Years ago, the New Yorker published a cartoon about advertising. A little girl is watching television with her father and asks, “Why can’t they save all the commercials to the end, and then we could be honor-bound to look at them?”
Ads are a business hack. They provide a means of monetizing content that is valuable enough for people to want it, but not valuable enough for them to pay for it. While they work well in some situations — traditional publishing, for instance — they’ve become a crutch for companies who lack the imagination to develop a better model.
I have nothing against advertisements themselves. I like Mad Men as much as the next guy, I’ve read my fair share of Ogilvy, and I’ve spent time watching Old Spice commercials on YouTube. But the prevalence with which they’re used online reeks of laziness and clutter. Entrepreneurship is about building something that drives us towards the world we want to live in, rather than the world as it currently is. Are advertisements really part of our vision for the future, a “necessary evil” that can’t be overcome? Or are they a holdover form a time when we couldn’t think of a better idea for monetization?
Back to basics. How do ads affect a business? Here’s a gross oversimplification:
Traditionally, a business provides a product or service to its customers in exchange for money. If Acme Corp. wants to make more money, they’ll do things in their customer’s best interest. They’ll make a high-quality product and sell it at a price set by the market. The business provides value to its consumers, and those consumers provide money to the business. Win-win.
Let’s say Acme Corp. is actually Acme Online News Corp. Its customers aren’t willing to pay for content (they could get it elsewhere, after all), but they are willing to tolerate some ads on the side of the page if it means their news stays free. Rather than directly serving its customers, Acme now serves the advertisers. The readers are no longer the customers, they’re the product; Acme is selling their attention to advertisers.
Of course, if Acme wants to keep its advertisers, they have to retain readership. However, if they’re in the mold of CNN or MSNBC, they’re going to see how much they can get away with without losing readership. Their ads will start to multiply. They’ll add interstitials between pages. They’ll serve the advertisers rather than their readers.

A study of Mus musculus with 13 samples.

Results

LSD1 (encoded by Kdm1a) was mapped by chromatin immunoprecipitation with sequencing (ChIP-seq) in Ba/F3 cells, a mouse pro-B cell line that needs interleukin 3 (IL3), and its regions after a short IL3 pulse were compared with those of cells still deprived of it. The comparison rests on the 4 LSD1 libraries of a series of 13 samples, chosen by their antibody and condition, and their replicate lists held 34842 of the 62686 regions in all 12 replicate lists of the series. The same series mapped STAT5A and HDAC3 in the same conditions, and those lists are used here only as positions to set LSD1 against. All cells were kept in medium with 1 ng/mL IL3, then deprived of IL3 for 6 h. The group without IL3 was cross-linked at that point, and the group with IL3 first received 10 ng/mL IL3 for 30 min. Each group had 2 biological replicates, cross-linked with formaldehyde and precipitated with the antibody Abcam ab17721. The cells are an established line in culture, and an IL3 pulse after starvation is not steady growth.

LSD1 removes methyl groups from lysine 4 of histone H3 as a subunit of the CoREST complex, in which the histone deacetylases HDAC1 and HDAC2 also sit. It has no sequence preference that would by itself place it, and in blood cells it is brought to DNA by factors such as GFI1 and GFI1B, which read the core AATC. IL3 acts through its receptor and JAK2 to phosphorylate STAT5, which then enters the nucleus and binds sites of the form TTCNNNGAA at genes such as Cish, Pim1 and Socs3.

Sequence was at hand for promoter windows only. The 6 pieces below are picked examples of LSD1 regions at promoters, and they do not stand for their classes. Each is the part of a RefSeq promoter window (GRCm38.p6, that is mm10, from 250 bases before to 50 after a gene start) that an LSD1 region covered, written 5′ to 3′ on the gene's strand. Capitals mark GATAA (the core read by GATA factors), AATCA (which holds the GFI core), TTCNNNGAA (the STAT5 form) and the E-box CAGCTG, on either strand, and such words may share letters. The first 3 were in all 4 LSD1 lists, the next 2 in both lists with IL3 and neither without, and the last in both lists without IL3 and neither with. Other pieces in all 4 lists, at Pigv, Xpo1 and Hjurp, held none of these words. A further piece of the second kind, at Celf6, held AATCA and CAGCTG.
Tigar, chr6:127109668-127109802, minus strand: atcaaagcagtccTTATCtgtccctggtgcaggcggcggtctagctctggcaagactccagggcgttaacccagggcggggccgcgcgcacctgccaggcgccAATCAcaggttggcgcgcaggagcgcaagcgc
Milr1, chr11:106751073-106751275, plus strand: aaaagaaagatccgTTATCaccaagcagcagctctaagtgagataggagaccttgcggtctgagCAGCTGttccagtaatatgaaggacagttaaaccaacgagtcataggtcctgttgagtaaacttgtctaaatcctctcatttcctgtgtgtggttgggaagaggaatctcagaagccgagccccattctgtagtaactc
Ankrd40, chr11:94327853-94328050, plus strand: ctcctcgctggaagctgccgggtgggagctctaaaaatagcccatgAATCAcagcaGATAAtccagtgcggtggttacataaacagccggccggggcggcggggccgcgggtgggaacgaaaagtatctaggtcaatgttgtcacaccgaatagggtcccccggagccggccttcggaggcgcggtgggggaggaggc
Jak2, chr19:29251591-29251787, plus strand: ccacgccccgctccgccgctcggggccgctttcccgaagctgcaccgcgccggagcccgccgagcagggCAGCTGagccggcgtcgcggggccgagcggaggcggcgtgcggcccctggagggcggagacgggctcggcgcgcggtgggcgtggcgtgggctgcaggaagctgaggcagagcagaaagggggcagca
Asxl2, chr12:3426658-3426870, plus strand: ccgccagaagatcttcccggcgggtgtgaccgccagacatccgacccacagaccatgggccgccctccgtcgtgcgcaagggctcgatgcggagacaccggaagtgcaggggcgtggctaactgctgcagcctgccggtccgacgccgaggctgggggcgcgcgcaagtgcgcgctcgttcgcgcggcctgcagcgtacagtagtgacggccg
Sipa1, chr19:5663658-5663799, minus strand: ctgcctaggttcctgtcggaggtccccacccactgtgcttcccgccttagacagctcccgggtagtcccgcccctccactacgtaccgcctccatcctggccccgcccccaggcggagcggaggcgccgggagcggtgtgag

Advertising is typically a race to the bottom. As users become desensitized to ads, each ad placement becomes less valuable. Most publishers create more ad slots in an attempt to achieve the same revenue, but this results in cluttered pages which are less likely to attract readers. (Wise publishers take the opposite approach and offer fewer ad slots for more money — one or two ads with plentiful breathing room are much more effective than lots of ads stuffed together.)
The New Yorker cartoon contains an additional, more subtle, insight. The girl states that we should be honor-bound to “look at” the commercials. We “watch” television, but “look at” commercials — our experience with advertising is less engaging than our experience with other content. In other words, its shallow.
I don’t mean to sound like I think the advertising model is inherently or universally evil. We aren’t being forced to use ad-supported services — in fact, I use many quite willingly. I would never use Facebook if it were paid service. I’m more than happy to get my news from Politico if it means avoiding the New York Times paywall. And yet ads still feel wrong, somehow. As designers we believe that the right solution and the elegant solution are one-in-the-same; advertising as a business model is far from elegant. It is convoluted and shallow, and so there must be a better way.
The issue of “Ads v. Other” has been brought to the forefront of the industry consciousness by recent discussions of Twitter’s positioning as an ad-supported online destination rather than a data platform. The company’s behavior suggests a renewed focus on keeping its data “in-house,” rather than keeping itself open to third-party apps. Perhaps this means it wants to ensure the value of ads in its pipeline.
But isn’t there another way? Twitter is already set up to be an underlying technology for the internet — a great firehose of data. Why not stick with the platform model? Likewise all the other companies who, when asked how they’ll wean themselves off of venture capital, respond with the trite, “Advertising.”
Perhaps it’s hasty to assume that our over reliance on advertising is a sign of laziness or a lack of creativity. It’s always possible that ads are legitimately the best way to keep these companies afloat. Or perhaps these companies are too busy innovating in other areas to worry about developing new forms of monetization.
I don’t have a solution or a replacement for the advertising model. Others have tried different things — micro-payments for blog content, reducing the number of ads so that each one becomes more valuable — but I still believe there could be a better way. This essay isn’t meant to be prescriptive; it’s meant to be a call-to-arms for everyone who’s starting or running an online business. Let’s not get lazy and assume we’ll be ad-driven by default. Let’s keep thinking about how we can do right by both our customers and our bottom line. If ads are the best way, so be it. If not, even better.